The Australian Chamber of Commerce and Industry opposes any extension to data protection for biologics.
In its submission to the Senate inquiry into the 12-country Trans Pacific Partnership agreement (TPP), the organisation that claims to "speak on behalf of the Australian business community at home and abroad," singles out for praise Australian opposition to the US position on biologics.
"We welcome the Australian Government’s resistance to calls for increased IP terms, particularly on Biologics as negotiated in the agreement, however we are concerned that the US will attempt to renegotiate these provisions within the certification efforts post-ratification," it says.
It does not provide an explanation for its opposition.
AusBiotech has backed the adoption of an 8-year period, arguing it would support investment in Australia's life sciences sector.
The US pushed for longer data protection periods for biologics in the TPP.
The final wording of the TPP's intellectual property chapter has provided some ambiguity in relation to the issue.
The text says countries can provide a legislated 8-year period, or a 'market protection' period that delivers a "comparable outcome" of 8 years comprised of a legislated 5-year period plus "other measures".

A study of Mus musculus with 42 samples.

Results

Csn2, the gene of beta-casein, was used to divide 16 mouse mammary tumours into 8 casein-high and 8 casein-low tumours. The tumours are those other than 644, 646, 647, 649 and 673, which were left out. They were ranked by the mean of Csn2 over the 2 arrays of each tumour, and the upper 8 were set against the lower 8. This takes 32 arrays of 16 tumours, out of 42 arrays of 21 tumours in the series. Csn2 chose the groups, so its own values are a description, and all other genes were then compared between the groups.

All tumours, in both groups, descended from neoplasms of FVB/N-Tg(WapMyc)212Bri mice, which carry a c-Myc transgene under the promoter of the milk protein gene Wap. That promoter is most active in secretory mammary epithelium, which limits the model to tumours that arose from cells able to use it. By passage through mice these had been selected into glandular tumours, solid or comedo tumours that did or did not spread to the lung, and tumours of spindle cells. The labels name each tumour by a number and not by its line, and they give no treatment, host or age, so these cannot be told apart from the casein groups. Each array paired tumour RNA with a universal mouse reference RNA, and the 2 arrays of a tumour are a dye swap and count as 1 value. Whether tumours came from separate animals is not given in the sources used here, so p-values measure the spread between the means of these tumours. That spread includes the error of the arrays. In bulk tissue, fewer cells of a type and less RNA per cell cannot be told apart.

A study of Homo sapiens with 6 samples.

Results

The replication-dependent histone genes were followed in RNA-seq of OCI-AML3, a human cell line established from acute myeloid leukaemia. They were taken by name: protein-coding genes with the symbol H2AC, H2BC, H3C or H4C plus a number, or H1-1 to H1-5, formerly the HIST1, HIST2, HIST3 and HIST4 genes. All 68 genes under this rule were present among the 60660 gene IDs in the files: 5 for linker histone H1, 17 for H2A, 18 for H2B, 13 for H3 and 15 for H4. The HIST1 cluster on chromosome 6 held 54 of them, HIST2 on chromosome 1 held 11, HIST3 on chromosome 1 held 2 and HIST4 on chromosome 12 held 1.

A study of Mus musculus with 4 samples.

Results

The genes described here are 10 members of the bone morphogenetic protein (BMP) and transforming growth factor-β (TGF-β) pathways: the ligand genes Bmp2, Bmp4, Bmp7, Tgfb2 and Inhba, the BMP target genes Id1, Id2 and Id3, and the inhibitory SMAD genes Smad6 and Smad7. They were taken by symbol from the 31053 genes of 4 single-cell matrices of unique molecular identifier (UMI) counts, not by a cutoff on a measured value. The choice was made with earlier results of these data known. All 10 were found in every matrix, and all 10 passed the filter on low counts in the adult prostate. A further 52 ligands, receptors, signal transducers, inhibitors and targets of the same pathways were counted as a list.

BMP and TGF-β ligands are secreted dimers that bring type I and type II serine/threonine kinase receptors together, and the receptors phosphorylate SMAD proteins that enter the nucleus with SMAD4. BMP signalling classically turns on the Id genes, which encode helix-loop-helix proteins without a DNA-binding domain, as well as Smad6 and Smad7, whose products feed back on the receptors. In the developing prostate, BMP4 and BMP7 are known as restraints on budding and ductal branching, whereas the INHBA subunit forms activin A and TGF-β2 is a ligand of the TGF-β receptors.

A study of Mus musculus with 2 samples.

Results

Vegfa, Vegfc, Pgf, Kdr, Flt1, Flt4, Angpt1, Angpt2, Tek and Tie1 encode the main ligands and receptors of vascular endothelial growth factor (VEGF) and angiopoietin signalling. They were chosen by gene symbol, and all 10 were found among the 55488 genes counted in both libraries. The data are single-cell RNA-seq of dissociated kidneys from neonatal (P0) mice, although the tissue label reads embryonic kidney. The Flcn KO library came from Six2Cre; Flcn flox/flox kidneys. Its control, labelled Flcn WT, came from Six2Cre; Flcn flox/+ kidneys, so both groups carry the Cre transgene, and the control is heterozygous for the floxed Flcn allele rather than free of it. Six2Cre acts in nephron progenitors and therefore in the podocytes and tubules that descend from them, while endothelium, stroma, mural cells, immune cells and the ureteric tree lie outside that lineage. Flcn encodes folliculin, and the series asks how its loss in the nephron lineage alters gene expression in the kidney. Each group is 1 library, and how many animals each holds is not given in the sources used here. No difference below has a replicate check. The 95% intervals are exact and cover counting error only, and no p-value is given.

The US Trade Representative has said it expects countries to adopt the 8-year period. The Turnbull government, led by former trade minister Andrew Robb and successor Steve Ciobo, has a somewhat nuanced public position, arguing the final text does not require it to make any legislative change to the current 5-year period covering all pharmaceuticals.
Key US political leaders have called for renegotiation of the agreement following its finalisation, arguing its wording on data protection is unacceptable.
Republical Senator Orrin Hatch chairs the US Senate Finance Committee.
He told the ABC he could not blame Australia for trying to 'steal' US patents. "They want things to come off patent as quickly as they can," he said.
"But there still has to be enough patent term to be able to recoup the approximately $2 billion and 15 years of effort that you have in biologics, and there's no way you can do that in five years," he added.
ACCI's opposition to an extension to the protection period for biologics appears to be a recently adopted position.
The organisation did not make any mention of biologics or any recommendation on intellectual property for pharmaceuticals in its June 2016 submission to the Productivity Commission Inquiry into Intellectual Property Arrangements.
The fate of the TPP is highly uncertain, at best, given both main candidates in the US presidential election oppose its ratification.
ACCI had not responded to questions at the time of publication.